Reading: Matthew 18:21-35
“In anger his master turned him over to the jailers to be tortured, until he should pay back all he owed. This is how my heavenly Father will treat each of you unless you forgive your brother from your heart” (vv. 34-35).
In a previous post I have touched briefly on love and forgiveness—that the “how to’s” are not missed out from the Word of God and it’s not all just concepts. I also mentioned that even when loving emotions are difficult to summon, by heeding God’s instructions and just doing what is right, tender emotions should not be slow to follow. We know that with some effort we all could go through the motions of loving-kindness, but we worry that they may be superficial and not from our heart, that we may be phony and not sincere.
I am writing here an excerpt from an entry in my journal at the start of 2006—this was before I learned blogging, and my craze was notebooks (yes, that made of paper), gel pens and coloured pencils (the love hasn’t worn out!):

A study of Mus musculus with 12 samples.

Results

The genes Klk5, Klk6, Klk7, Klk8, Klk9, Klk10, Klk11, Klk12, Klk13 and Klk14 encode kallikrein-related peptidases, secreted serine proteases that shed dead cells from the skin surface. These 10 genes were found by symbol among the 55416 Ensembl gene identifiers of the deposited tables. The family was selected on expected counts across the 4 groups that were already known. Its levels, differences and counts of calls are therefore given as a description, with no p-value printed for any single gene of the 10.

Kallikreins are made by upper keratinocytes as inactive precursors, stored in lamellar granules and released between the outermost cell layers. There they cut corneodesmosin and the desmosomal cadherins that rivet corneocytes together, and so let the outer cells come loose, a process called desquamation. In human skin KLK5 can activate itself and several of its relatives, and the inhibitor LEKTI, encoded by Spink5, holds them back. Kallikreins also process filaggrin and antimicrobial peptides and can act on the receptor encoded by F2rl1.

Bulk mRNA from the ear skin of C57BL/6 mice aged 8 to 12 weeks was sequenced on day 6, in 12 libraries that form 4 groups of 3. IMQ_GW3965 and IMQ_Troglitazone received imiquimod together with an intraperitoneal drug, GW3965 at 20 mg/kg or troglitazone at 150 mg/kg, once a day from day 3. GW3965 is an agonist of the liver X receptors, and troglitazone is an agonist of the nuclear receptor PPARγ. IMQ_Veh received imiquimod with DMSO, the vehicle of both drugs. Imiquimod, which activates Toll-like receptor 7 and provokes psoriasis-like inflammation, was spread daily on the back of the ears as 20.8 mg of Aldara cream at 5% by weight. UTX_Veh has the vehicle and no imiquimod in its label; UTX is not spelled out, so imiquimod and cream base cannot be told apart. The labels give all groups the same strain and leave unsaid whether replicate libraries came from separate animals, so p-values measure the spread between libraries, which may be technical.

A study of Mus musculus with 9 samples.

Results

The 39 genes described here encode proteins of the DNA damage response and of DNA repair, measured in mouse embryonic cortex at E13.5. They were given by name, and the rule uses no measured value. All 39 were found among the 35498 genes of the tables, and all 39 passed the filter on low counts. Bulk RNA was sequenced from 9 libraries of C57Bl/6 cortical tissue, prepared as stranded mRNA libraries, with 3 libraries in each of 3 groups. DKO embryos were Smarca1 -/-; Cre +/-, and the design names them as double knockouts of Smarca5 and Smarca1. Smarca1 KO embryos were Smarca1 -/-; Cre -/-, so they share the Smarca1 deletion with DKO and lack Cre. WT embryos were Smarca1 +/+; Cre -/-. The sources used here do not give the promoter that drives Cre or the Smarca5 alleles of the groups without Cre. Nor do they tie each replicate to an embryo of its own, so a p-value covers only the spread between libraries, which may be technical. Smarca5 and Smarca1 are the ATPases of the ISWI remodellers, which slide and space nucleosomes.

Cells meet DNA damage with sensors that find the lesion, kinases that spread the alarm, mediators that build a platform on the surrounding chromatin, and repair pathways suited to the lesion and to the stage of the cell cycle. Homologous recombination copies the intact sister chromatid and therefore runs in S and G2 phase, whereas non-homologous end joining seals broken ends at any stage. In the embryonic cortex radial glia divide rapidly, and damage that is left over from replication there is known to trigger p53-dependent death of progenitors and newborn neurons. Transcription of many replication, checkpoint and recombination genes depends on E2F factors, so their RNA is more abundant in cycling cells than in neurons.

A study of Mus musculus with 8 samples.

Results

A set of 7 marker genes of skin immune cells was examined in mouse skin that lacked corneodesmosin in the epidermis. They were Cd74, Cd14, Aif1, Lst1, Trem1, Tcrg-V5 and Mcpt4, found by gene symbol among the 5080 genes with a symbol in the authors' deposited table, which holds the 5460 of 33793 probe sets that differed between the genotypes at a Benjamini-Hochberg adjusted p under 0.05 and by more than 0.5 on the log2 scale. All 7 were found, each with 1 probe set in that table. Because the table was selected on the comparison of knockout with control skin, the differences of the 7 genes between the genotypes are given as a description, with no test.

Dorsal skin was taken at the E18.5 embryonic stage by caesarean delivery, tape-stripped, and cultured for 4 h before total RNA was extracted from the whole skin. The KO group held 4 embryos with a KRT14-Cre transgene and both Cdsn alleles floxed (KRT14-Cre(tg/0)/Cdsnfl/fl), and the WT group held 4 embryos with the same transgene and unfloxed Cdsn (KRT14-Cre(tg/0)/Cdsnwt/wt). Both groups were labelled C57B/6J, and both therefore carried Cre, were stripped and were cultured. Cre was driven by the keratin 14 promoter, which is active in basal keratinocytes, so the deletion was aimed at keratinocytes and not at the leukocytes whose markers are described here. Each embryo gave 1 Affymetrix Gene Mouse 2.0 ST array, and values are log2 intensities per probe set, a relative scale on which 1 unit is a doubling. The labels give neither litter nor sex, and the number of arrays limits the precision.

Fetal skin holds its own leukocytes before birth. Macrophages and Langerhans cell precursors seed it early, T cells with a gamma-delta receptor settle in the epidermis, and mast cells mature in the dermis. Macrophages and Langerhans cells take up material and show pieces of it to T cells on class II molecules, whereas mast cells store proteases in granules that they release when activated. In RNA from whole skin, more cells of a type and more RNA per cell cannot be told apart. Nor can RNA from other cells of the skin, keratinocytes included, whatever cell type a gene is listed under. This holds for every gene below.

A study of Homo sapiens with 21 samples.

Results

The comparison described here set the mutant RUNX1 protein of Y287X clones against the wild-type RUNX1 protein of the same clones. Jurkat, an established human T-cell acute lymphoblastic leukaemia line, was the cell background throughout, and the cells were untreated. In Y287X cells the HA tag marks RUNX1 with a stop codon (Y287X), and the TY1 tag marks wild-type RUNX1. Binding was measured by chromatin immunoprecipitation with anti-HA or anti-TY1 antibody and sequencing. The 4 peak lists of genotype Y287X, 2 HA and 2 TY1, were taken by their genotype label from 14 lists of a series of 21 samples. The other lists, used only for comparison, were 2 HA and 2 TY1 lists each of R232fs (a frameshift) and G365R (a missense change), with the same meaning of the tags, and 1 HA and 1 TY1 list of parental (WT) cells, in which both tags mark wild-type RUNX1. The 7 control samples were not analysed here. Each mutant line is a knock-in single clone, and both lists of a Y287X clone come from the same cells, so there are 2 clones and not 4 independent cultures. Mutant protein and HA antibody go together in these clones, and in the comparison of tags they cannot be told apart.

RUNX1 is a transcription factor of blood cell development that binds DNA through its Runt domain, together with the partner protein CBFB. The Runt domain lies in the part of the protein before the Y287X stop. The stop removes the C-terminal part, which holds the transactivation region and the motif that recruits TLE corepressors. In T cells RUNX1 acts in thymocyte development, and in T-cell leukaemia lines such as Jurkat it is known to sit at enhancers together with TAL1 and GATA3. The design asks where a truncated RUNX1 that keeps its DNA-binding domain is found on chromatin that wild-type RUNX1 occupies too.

“What does forgiveness mean? What does it entail? When I say I forgive a person—what am I supposed to feel? There is always a remembrance of the offense and the pain.
“When God forgave me, He washed away my sins. He wiped me clean. He’s made my heart as white as snow. He gave me another chance—despite my track record, despite the sinful nature that is still in me. He keeps forgiving me and cleansing me.
“When I was a sinner and did not deserve God’s goodness, He died for me—He bought me from the enemy.”
A year ago I also came across a post by a Torah/Old Testament teacher that discussed the subject of forgiveness—this really helped drive the point to me. I summarised her post in the following statement: “Love is a choice. It is doing what is holy, what is right; it is being humble (i.e., recognising my own fallibility), and correcting in love.”
By not forgiving, I am putting myself above reproach—but I am a sinner myself, much worse than many others, so I have no excuse not to forgive. And just thinking of what the Lord Jesus has done for me—the Lamb of God slain for the forgiveness of my sins—how can I continue to harden my heart to those who have sinned against me?